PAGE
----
This article was first published by Oliver Wyman here.
The environment that gave rise to historic levels of capital investment in healthcare has changed dramatically causing a retrenching in the number of deals taking place across the industry. Record-low interest rates and high valuations over the past couple of years set the stage for private equity to pump billions of dollars into healthcare. But now inflation, fears of a recession, rising interest rates, record high valuation multiples, and the lingering impact of COVID-19 hang over the economy.
Beyond those broader economic woes, high-profile stumbles by several private equity-backed health startups, particularly in the digital space, have raised concerns across the industry about unfulfilled promises. And remarks by Deputy Attorney General Andrew Forman are also likely to raise red flags. He recently told the American Bar Association that the Department of Justice is looking at enhancing antitrust enforcement around private equity, including the home care, inpatient, outpatient, and pharmaceutical sectors.
Nonetheless, the shifting landscape creates opportunities for investors and healthcare firms alike to be more strategic in how they partner and access capital.
The Data Tells the Story
An Oliver Wyman analysis shows that the number of private capital-backed healthcare deals — including buyouts, all VC stages, and other funding — has fallen off significantly from the past few years, over the same period. Pharmaceuticals were particularly impacted, dropping from almost 1,200 deals in the first half of 2021 to ~800 deals in the first half of 2022, a 33% decline. That was a significant driver in the more than 20% decline in total deal volume through the first half of 2022.
Despite the retraction in deal volume, the market has seen a higher level of capital invested in 2022 compared to prior periods. This can largely be attributed to the $17 billion buyout of healthtech company Athenahealth by Bain Capital and Hellman & Friedman in the first quarter of 2022. Through the first two quarters of 2022, pharmaceuticals, biotech, and healthtech have drawn significant interest. In fact, healthtech and pharmaceuticals accounted for over 70% of total capital invested over this period — coming in at 37% and 36%, respectively.
While 2021 saw historic levels of invested capital ($200 billion), 65% of capital invested came in the second half, headlined by the leveraged buyout of Medline, valued at $34 billion. The tremendous finish to 2021 explains how a retracting market by volume in 2022 could be outperforming a historic 2021 in total capital invested in the first half of the year.Not surprisingly, healthtech and pharma are also outpacing other sectors of the industry in average deal size, which stands in contrast to previous years when healthcare services were out in front.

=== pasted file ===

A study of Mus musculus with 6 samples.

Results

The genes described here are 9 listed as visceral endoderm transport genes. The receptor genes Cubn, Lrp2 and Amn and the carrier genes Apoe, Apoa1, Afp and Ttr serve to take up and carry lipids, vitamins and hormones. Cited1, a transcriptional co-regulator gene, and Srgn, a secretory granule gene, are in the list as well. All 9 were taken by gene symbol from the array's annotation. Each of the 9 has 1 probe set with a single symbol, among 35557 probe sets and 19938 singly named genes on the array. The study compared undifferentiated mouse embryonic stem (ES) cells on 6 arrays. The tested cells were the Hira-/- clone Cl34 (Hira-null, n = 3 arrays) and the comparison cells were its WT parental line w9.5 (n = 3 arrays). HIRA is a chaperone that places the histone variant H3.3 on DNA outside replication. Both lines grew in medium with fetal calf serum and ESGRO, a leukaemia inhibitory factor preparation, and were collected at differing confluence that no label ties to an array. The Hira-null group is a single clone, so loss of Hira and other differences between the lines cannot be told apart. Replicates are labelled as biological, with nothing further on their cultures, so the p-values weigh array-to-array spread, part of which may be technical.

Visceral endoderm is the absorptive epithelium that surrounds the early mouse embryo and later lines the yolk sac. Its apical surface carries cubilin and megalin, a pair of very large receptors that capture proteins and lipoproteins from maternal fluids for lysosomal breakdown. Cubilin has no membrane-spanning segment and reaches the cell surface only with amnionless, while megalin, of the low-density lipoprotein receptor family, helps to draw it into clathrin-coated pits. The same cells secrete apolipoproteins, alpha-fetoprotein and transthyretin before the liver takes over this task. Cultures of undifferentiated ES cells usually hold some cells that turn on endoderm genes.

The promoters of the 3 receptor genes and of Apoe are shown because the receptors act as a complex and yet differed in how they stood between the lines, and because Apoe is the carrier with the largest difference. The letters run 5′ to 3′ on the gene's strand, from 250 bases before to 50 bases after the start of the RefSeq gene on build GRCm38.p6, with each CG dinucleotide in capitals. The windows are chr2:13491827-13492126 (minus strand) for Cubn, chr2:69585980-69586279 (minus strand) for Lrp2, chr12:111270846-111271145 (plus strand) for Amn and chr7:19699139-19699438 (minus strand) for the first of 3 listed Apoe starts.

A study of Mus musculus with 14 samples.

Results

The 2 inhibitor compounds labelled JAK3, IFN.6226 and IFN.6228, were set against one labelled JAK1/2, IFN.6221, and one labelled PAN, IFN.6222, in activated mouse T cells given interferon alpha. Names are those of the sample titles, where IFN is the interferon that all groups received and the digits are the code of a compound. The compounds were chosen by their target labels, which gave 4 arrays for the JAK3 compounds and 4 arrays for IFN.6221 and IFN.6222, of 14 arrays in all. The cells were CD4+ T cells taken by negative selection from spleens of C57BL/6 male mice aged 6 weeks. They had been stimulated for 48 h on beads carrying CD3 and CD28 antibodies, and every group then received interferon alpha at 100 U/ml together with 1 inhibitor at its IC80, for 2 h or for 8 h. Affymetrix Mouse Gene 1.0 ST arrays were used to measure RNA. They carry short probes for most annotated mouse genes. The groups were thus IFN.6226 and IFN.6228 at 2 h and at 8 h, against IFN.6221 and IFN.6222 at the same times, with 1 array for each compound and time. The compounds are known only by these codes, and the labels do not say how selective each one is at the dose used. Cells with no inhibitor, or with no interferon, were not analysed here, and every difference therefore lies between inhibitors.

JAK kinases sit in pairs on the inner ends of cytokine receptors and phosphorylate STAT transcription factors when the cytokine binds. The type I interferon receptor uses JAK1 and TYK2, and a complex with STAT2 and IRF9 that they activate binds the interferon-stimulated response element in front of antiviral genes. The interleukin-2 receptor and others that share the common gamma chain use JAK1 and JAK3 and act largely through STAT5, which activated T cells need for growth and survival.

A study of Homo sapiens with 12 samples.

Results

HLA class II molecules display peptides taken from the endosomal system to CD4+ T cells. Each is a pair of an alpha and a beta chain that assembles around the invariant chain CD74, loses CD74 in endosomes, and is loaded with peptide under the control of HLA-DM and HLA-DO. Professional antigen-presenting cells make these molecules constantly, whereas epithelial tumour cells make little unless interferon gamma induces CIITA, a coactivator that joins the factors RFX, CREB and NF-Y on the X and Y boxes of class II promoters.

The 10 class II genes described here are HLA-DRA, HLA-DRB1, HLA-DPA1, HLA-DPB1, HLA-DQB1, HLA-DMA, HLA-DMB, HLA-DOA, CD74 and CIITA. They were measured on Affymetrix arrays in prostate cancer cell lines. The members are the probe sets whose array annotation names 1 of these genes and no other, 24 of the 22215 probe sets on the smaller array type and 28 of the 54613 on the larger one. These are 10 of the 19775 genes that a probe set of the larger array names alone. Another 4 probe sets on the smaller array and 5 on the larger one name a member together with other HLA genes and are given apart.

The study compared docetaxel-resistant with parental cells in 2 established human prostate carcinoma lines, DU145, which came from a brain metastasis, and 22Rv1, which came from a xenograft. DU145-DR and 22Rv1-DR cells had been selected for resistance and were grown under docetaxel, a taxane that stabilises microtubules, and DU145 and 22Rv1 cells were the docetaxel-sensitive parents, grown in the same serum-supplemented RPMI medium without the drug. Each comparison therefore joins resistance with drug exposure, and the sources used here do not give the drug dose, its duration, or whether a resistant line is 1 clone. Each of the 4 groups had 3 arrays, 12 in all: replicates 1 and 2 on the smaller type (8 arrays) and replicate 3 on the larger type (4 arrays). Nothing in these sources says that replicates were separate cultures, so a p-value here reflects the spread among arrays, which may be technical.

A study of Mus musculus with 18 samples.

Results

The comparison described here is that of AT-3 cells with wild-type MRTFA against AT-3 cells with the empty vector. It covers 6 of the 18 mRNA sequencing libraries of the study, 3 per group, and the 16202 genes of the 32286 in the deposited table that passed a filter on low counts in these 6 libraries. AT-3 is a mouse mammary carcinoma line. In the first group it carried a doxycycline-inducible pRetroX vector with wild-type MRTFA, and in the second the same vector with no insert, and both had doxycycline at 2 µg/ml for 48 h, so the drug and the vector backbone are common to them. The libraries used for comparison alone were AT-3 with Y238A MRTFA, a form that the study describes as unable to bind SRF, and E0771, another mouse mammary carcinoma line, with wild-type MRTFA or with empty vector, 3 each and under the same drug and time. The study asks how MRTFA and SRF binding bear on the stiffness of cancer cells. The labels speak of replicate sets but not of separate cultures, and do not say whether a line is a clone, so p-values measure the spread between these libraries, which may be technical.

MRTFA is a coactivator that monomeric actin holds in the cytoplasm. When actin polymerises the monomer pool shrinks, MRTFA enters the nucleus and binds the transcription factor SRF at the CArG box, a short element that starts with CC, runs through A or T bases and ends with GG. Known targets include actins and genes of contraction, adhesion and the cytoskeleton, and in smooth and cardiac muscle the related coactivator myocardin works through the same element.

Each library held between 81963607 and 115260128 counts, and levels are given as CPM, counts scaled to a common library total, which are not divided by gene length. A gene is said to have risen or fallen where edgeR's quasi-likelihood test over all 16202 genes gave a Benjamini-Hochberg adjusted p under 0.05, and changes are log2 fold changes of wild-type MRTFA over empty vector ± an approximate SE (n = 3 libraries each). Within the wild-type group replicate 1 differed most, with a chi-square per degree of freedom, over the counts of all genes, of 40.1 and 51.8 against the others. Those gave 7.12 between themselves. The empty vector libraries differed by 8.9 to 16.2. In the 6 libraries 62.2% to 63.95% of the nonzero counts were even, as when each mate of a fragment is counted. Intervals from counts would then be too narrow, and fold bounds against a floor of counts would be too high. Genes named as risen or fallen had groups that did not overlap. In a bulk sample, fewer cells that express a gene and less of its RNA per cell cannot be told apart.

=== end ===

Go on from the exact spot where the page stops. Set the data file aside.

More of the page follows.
New Approaches Taking Shape
As private equity takes a more cautious approach to investing in healthcare, we expect a few trends to playout for the remainder of 2022 and likely into 2023:
Rigorous review: Investors will apply a more rigorous approach to maximizing valuations, especially after their stratospheric rise in 2021. That includes taking a closer look at operations, labor costs, supply chain limitations, and other factors that can impact a return on investment.
Rounds of funding: Startups need to moderate their funding expectations. The days of getting the bulk of funding in one or even two financing rounds are over. It’s more likely that it will take three or four rounds. Under that scenario, healthcare organizations must be more realistic about what they can deliver — and when — based on the financing in hand.
The need to partner: As we heard at the recent LSX Congress in Boston, startups and other innovators are looking to partner or collaborate with other firms to minimize risk and scale up quickly. This is especially true in healthtech where providers are growing weary of point solutions. By collaborating, startups can bring more wholistic platforms solutions to market, earlier than ever before.
Post-deal value creation: Given the rise of the level and size of private capital in the market, on-the-ground value creation driven by investors is now becoming the primary way to generate investor return. Investments in integrating and platforming, streamlining M&A, and strengthen operations is key for value generation for today’s investor.